You can read the last instalment of my Corvair odyssey by clicking here. But I can summarise the story so far in one sentence: it’s snowing, I’m in the middle of America and I’ve travelled half way around the world to buy a car I’m no longer sure I want.
The drive gives more time to consider the Corvair, as glimpsed in the rear-view mirror on the U-Haul trailer behind our Ford rental car. I find its coke bottle, pillarless coupe styling massively stylish – GM design was at its zenith in the mid ‘sixties when the Corvair was conceived – and the prospect of that rear-mounted, flat-six engine intrigues me.
During (frequent) fuel stops we get the chance to inspect the Corvair in more detail, and notice that its body bears none of the pin-prick dents and ripples that old cars usually bear, that its wheel-arches are remarkably free of dirt, as is the rest of an underside that’s more easily inspected when strapped to a trailer.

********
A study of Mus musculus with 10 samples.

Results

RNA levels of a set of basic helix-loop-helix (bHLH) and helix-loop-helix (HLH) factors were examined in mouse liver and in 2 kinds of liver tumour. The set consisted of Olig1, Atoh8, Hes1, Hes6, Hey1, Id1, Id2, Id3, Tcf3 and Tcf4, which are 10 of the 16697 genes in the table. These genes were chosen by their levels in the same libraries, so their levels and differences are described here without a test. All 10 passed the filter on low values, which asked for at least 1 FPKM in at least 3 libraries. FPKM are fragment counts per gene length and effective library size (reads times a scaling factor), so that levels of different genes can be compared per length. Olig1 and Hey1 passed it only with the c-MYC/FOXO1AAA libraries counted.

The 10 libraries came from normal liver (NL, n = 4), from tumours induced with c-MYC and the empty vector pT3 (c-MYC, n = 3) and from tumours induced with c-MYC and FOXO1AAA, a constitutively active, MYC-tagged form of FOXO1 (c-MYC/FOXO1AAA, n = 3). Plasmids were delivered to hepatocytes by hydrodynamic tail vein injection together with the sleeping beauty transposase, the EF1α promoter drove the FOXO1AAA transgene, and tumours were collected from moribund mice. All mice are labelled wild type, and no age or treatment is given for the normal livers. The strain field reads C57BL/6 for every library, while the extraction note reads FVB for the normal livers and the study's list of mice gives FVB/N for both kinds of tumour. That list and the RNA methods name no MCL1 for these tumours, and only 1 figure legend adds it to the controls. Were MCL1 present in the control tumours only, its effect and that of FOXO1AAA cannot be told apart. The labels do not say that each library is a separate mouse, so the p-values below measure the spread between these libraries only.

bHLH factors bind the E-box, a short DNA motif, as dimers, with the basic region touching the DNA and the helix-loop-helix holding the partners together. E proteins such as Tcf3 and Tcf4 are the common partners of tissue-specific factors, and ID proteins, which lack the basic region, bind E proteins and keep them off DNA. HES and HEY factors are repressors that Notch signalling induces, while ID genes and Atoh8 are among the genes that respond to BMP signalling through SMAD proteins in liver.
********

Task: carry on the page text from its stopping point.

This is evidence to suggest that the Chevy may be low mileage after all, and if not the 18,500-miler tentatively claimed, then certainly not a car that has done 118,500. It sounds like post-purchase rationalisation of course, but we’re beginning to think that this is a better car than we thought on day one.
It’s certainly in better shape than the ’63 Corvair we see outside an antiques shop in Murdo, South Dakota, whose rotting carcass and rodent-ravaged interior are on offer for $950.
It’s easy to resist fingering the wallet for this one, but utterly impossible to resist the car Pioneer Auto Show down the road, despite this museum knocking a massive hole in our schedule. “After you’ve seen the General Lee,” says the man on the entrance, referring to the sole survivor of 17 Dodge Chargers used in the ‘Dukes of Hazzard’ TV series, “there are another 31 buildings of cars to look at.”
In them are everything from a Plymouth Road Runner to a Vespa mini car, many cars kept semi-restored in wooden buildings that creak eerily in the wind. If you ever reach exit 192 of Interstate 90 – unlikely, it’s true – allow for at least four hours for car-ogling pleasure.
We do it, reluctantly, in one, before dragging our load towards a place called the Corvair Ranch, where literally hundreds of dead Corvairs bearing spares lie in a Pennsylvanian field.